Media note: A short video explaining the research, as well as an informational graphic and additional details about this research can be found at, http://foodpsychology.cornell.edu/OP/eating_to_impress
Newswise — ITHACA, N.Y. – Men have a reputation of doing just about anything to show off in front of women, no matter how seemingly absurd. That effort to impress apparently extends to their eating habits: A new Cornell study shows that men eat significantly more food when in the company of women – and such excess is motivated by a hardwired male urge to demonstrate prowess to the opposite sex, researchers suggest.
For the study, Cornell researchers from the Food and Brand Lab observed adults lunching at an all-you-can-eat Italian buffet. They found men who dined with at least one woman ate 93 percent more pizza compared with those who ate exclusively with other men. That tendency to overeat extended to healthier options as well: Men ate 86 percent more salad in the company of women.
An explanation of the findings can be traced to an evolved tendency to show off to the opposite sex, according to Kevin Kniffin, visiting assistant professor at the Charles H. Dyson School of Applied Economics and Management and lead author of the study, which as published Nov. 10 in the journal Evolutionary Psychological Science.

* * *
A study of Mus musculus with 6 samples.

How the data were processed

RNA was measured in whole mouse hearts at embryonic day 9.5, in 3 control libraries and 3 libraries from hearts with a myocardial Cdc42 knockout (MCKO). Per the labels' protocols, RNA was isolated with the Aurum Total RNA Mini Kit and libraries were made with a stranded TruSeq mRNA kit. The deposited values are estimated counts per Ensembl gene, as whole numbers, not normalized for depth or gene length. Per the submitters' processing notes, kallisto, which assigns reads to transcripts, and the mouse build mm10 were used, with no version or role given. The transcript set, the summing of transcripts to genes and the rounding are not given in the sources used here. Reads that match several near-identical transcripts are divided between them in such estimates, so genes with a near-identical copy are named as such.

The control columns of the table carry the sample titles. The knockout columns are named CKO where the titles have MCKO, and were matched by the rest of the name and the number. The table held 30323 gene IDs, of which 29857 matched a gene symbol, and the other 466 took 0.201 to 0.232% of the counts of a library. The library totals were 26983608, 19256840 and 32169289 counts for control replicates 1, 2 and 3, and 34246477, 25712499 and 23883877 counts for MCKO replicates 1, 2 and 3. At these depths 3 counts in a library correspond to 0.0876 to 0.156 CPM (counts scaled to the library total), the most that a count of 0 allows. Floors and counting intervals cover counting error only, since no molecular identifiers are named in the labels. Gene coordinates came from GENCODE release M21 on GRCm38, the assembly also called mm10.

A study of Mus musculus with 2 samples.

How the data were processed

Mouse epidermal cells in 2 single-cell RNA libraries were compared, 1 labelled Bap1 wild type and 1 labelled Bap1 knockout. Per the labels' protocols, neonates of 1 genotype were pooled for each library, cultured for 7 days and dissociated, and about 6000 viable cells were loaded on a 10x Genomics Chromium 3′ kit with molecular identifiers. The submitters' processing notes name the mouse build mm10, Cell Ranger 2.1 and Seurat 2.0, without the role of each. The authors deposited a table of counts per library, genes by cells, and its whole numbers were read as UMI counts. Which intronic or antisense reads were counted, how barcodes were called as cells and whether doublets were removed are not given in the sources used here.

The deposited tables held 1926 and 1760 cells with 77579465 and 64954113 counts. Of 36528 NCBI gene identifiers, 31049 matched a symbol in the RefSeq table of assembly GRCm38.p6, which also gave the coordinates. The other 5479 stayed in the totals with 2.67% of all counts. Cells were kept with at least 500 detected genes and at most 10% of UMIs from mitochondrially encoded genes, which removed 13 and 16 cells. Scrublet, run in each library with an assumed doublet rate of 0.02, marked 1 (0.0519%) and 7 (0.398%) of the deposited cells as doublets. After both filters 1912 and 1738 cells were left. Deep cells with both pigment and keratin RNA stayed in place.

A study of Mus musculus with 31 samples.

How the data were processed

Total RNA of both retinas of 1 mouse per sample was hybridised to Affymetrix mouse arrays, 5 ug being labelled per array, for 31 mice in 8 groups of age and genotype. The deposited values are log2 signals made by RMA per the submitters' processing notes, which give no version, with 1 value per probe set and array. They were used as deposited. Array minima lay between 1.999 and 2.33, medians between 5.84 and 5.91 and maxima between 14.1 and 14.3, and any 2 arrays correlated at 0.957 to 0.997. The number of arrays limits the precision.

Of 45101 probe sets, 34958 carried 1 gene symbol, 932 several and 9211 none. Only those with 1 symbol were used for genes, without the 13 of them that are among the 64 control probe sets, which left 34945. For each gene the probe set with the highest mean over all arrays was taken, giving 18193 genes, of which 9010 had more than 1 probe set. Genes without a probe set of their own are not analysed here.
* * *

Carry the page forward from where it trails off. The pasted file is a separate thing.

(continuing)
“The findings suggest that men tend to overeat to show off,” Kniffin said. “Instead of a feat of strength, it’s a feat of eating.”
By overconsuming food, men unconsciously may be signaling their biological fitness, a paradoxical tactic in this case given that “overeating consistently is going to produce a body shape research shows tends to be viewed as unattractive,” Kniffin explained.
Kniffin said the findings fit with other examples of self-handicap behavior, where in this case men are showing off their fitness through excessive eating. Engaging in risky or unhealthy behavior, the thinking goes, demonstrates an extraordinary ability to tolerate challenges, even self-inflicted ones.
Previous studies have looked into the evolutionary mechanisms that influence female eating patterns, but disordered eating among men – such as the overeating found at competitive eating contests typically dominated by male competitors – has not been closely scrutinized.
While the Cornell study suggests that men are the ones who overeat, it’s the women who report a sense that they are the ones who overdid it. Specifically, women eating with men reported feeling rushed during the meal and perceived that they overate despite researchers finding no evidence that they did so.
Regardless of the gender of the person, Kniffin said a lesson to take away from the study is the same: “The findings are clear that people should calm down when eating with members of the opposite sex. Men seem to be eating more, and women feel like they overate.”
Cornell University has television, ISDN and dedicated Skype/Google+ Hangout studios available for media interviews. For additional information, see this Cornell Chronicle story.